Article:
The Senate committee examining Australian drone regulations has had just one public hearing and is months away from its December reporting date.
Nevertheless, last week they wrote to the Minister for Infrastructure and Transport, Darren Chester, strongly encouraging immediate action and “strengthened regulation” for drone technology.
Calls for more red tape and restrictions on drones is not only premature, but represents a disturbing precautionary shift in Australia’s drone debate.
The $100 billion global drone market holds remarkable opportunity to boost productivity for our key primary industries. Farmers can better manage their land in difficult or cumbersome roles by collecting data to improve yields. Miners use drones for exploration and to assist with environmental management over long distances.
But Australia risks passing up these opportunities if we over-regulate today.
Regulatory tensions for drones have existed in Australia for more than a decade. But in September last year, the Civil Aviation Safety Authority updated the rules to reflect the growth of the industry.
The most contentious change was the scrapping of licences and expensive training for flying low-risk drones under 2kg. Farmers working on their own private land were also given more freedom to use drones under 25kg.
Despite the disastrous picture being painted, these new regulations won’t realise the dystopian images of blackened out skies.
Hobbyists and small commercial operations still face strict rules. There are prohibitions on flight within 5km of airports, higher than 120m in controlled airspace, and within 30m of people. Breaching these rules incurs fines of $9000.
CASA clearly recognises the trade-off between safety and flexibility. It also understands that regulation should be risk-based, and that it’s simply unviable to heavily regulate all uses.
Encouraging drone deregulation is particularly important because businesses looking to adopt drones are keenly observing the regulatory environment globally. For instance, when Domino’s chose to fly its first pizza last year in New Zealand, it said the country had “the most forward-thinking aviation regulations”.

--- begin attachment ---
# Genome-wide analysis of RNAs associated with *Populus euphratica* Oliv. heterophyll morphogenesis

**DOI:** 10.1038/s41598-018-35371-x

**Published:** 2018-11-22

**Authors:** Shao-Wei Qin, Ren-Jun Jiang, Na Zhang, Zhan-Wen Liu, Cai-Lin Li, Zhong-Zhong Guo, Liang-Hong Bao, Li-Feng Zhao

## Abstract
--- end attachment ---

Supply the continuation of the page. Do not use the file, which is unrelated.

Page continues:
Good drone regulations give freedom to entrepreneurs to experiment and test.
Poor policy, in contrast, emerges when safety is considered inherently more important than growth. This is known as the precautionary principle: where regulations underweigh the potential benefits to human lives that new technology brings.
The precautionary principle has existed for centuries. The 19th century “red flag laws” for cars in Britain are a prime example. The laws instituted a speed limit of 2mph in the city, and required a person to walk in front of all self-propelled vehicles waving flags. Of course this meant pedestrians were safe, but the enormous potential of cars was clearly delayed.
There’s a threat that Australia is heading down this same precautionary path for drones.
On Page 9 of the only public hearing in Brisbane, a temporary ban on the sale of drones is discussed. Such an extreme outcome is unlikely.
But we are seeing the precautionary principle in action: regulation based on potential harm, not demonstrated harm. It is telling that the committee has called for immediate action because of “mounting fears of the real prospect of a serious accident”.
According to the Australian Transport Safety Bureau there have been no collisions between drones and manned aircraft.
Drone incidents are inevitable, as is inherent in all transport options. But policymakers must weigh up trying to prevent these accidents with leaving room for entrepreneurs and hobbyists to realise opportunities.
Viewing the regulation debate from this optimistic perspective suggests regulators should consider further deregulation.
Maybe we should allow entrepreneurs to fly more than one drone at a time.
What about autonomous flight? Or even the prospect of enabling drones to be flown beyond visual line of sight. Companies such as Australia Post and Telstra have sought exclusions from regulations so they can test and trial new uses drones.
Regulatory challenges for drones will keep arising, but where possible the private sector should take a lead role.
The deregulation of the drone industry should not just be defended, but encouraged. Further, relaxed rules certainly shouldn’t be reversed based solely on hypothetical fears and prospects.
Darcy Allen is a research fellow at the Institute of Public Affairs.
This article originally appeared in The Australian.